A New Breed of Free Source Code Editors

Many outstanding free source code editors have come out recently, and they’re giving paid apps a run for their money.

Beautiful user interfaces, practical features, and the ability to enhance your setup with extensions are just a few things this fresh crop of code editors are offering.

In 2008 and 2009, I wrote about some text editors that can be used for web development. I talked about Notepad++, Vim, Emacs, and 21 other text editors.  Five and a half-ish years later, there is bound to be some good additions and innovations in this realm. And there are.

Characteristics that modern source code editors share are:

What follows is a discussion of five free source code editors that exhibit the traits outlined above.



Atom sports a distraction-free interface and a pragmatic feature set that includes integration with your browser’s developer tool, a fast batch search-and-replace that traverses all the files in your project, theming, and more.

Atom is developed by GitHub, and I can’t think of any other company that’s had as much experience and exposure to code and developers as much as they have.



Brackets, an open source project led by Adobe, is not only pretty but also practical. It’s built around the concept of designing in the browser, a commonsense approach to creating sites and web apps.

This code editor gives you a live preview of your work: As you’re composing code, it dynamically updates your browser so you can see your changes almost in real time (there’s a tiny bit of a delay while the app processes your changes).

Code hints, its own JavaScript debugging feature called Theseus, on-the-fly syntax error warnings, and a highly extensible core make Brackets a great choice for web designers and front-end developers.



This code editor works purely in your browser whether you’re plugged in to the Internet or not.

But just because ICEcoder is browser-based doesn’t mean you’re being shortchanged: It has a robust feature set that includes real-time JS linting, a find-and-replace builder which essentially gives you a simple UI for regular-expression matching, themes, and much more.



CodeMirror is an interesting text editor: To install it, all you need to do is reference its JS and CSS files in your HTML documents, and then instantiate it with a line of JavaScript. You don’t need to run any software installer or anything like that.

CodeMirror supports 60 programming languages, autocompletion, and endless configurability of even the minutest of options using its Programming API.

Light Table

Light Table

This gorgeous code editor has got a lot of unique features going for it. It has, for example, Inline Evaluation, which displays the results of your code within the editor, saving you a bit of time from having to output/query the results in your browser’s developer tool.

The development funds of Light Table came through Kickstarter. The project was backed by over 7,000 people and was able to raise over $300,000 in funding, indicating the interest and excitement around it.

Other Options

Here are a couple of other awesome code editors/IDEs to check out.

Sublime Text: This is a well-loved code editor. But it’s not entirely free: You can download and try it for free, but it will cost you $70 to continue using it, a price plenty of developers are willing to pay because of how useful and awesome it is.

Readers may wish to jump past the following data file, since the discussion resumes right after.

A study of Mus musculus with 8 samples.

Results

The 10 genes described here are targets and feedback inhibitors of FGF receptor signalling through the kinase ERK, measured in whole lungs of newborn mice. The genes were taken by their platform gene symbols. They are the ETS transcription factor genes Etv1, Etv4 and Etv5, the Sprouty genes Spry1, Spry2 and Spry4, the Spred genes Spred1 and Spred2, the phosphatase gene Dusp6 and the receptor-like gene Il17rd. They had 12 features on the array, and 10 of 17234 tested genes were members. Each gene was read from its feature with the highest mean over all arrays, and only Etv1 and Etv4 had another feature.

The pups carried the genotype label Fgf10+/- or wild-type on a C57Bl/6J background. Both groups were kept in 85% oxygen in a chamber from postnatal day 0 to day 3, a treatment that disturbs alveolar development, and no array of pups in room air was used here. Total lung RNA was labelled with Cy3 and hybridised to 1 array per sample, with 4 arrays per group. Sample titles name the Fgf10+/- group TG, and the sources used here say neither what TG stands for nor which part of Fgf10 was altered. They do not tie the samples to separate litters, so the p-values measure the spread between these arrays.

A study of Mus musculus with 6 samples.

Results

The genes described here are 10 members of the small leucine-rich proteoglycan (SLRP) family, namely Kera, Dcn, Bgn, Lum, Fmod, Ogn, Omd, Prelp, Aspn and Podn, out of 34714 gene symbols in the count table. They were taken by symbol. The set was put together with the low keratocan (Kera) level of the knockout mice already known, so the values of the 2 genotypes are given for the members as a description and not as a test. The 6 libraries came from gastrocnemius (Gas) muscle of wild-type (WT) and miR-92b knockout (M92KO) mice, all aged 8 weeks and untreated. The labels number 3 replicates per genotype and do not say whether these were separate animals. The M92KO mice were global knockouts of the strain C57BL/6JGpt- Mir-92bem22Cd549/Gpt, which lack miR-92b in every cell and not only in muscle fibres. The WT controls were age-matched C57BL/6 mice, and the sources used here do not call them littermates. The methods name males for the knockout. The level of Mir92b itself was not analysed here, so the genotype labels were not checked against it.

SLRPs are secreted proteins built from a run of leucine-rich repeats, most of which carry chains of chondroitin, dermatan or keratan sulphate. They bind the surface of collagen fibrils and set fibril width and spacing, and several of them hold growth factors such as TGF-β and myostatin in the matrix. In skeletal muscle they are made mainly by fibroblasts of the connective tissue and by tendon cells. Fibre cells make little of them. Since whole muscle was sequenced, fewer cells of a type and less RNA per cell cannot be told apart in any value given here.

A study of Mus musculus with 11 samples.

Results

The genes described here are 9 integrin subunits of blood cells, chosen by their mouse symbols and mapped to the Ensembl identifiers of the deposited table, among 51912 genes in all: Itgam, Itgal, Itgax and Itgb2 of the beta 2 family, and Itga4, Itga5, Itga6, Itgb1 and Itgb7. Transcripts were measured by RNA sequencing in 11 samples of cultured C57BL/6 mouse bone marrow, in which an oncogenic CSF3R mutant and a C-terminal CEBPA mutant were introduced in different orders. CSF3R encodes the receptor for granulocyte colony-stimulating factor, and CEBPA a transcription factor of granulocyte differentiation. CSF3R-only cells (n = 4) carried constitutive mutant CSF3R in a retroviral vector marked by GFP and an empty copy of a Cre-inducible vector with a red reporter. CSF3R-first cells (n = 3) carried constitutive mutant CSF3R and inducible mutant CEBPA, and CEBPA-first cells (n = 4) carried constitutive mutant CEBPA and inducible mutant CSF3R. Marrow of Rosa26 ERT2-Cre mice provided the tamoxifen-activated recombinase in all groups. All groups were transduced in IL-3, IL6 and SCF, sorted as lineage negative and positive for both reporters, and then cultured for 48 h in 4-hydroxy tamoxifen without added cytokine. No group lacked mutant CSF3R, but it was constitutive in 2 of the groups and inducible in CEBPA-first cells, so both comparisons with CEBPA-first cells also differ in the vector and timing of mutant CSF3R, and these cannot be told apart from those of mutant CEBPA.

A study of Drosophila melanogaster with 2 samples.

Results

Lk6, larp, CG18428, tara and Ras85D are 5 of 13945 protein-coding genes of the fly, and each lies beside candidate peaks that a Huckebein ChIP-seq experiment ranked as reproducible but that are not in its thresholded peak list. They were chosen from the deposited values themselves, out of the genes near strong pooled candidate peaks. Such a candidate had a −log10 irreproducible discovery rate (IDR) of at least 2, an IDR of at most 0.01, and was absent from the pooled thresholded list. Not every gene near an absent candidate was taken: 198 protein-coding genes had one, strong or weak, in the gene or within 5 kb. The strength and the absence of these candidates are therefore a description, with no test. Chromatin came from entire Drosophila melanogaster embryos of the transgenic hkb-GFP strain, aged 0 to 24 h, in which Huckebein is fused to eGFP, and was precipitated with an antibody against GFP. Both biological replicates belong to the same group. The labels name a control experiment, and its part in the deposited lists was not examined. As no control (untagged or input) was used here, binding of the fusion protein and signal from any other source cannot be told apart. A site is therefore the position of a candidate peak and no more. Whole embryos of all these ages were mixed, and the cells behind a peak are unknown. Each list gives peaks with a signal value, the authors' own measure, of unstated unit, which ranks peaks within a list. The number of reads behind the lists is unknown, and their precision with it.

Cloud9: Cloud9 is a cloud-based code editor. It requires you to register for an account in order to use it, a prerequisite that isn’t everyone’s cup of tea. You’ll also have to pay in order to unlock its premium features.


Example of a website with a large background image: Jacob Gube is the founder of Six Revisions. He’s a front-end web developer by profession. If you’d like to connect with him, head on over to the contact page or follow him on Twitter: @sixrevisions.

This was published on Oct 7, 2014


Richelly Italo Oct 07 2014

Nice tips, I’ll test all editor, thanks for article Jacob.

Marc Mandev Oct 07 2014

Don’t forget NetBeans — — because I almost ALWAYS fall back to this editor when dealing with long code or something as simple as finding a closing tag. It matches commercial editors easily and is hugely dependable.

While a bit old, J is very nice, because it works on a variety of platforms (pure Java).

Marijn Oct 08 2014

Might be worth mentioning that both Light Table and Brackets are actually built on top of CodeMirror (which is an editor component, more than a stand-alone editor).

sunil vashist Oct 08 2014

I’ve been using sublime text editor for my coding purposes, but the list you’ve shared seems to be pretty handy as well. Looking forward to use one of them for my upcoming work. Thanks for sharing these .

Matt Pass Oct 09 2014

Marijn is quite right, plus ICEcoder is built on top of CodeMirror also :-)

Alexandre Gomes Oct 09 2014

Actually you don’t have to pay for Sublime Text 2 if you don’t want. All it does is popup a small “buy now” pop over every 2 hours or so. Press esc and you’re done.

Derron Oct 09 2014

I like the look and sound of what Bracket has to offer. Think I’ll give it a try.

Alex Whinfield Nov 02 2014

@Alexandre You’re right, you don’t even notice it after a few days.

Atom has become my newest IDE over the last month or so, still waiting on a better interface from the FTP plugins, but other than that, it’s brilliant. Amazingly lightweight.

Jose M. Velazquez Dec 11 2014

Anyone knows what’s the name of the color scheme displayed on the pic of Atom? Looks really colorful and want to give it a try.

Evoluted Jan 19 2015

We’ve been using Sublime Text here at Evoluted for quite some time now. We all love the minimalistic interface and find it really helps us to concentrate when coding.

Cathy Mayhue Feb 27 2015

I have always used Dreamweaver, which was created by Macromedia but now owned by Adobe. I hope some of the cool features of DW might find its way into bracket. I would love to try this out.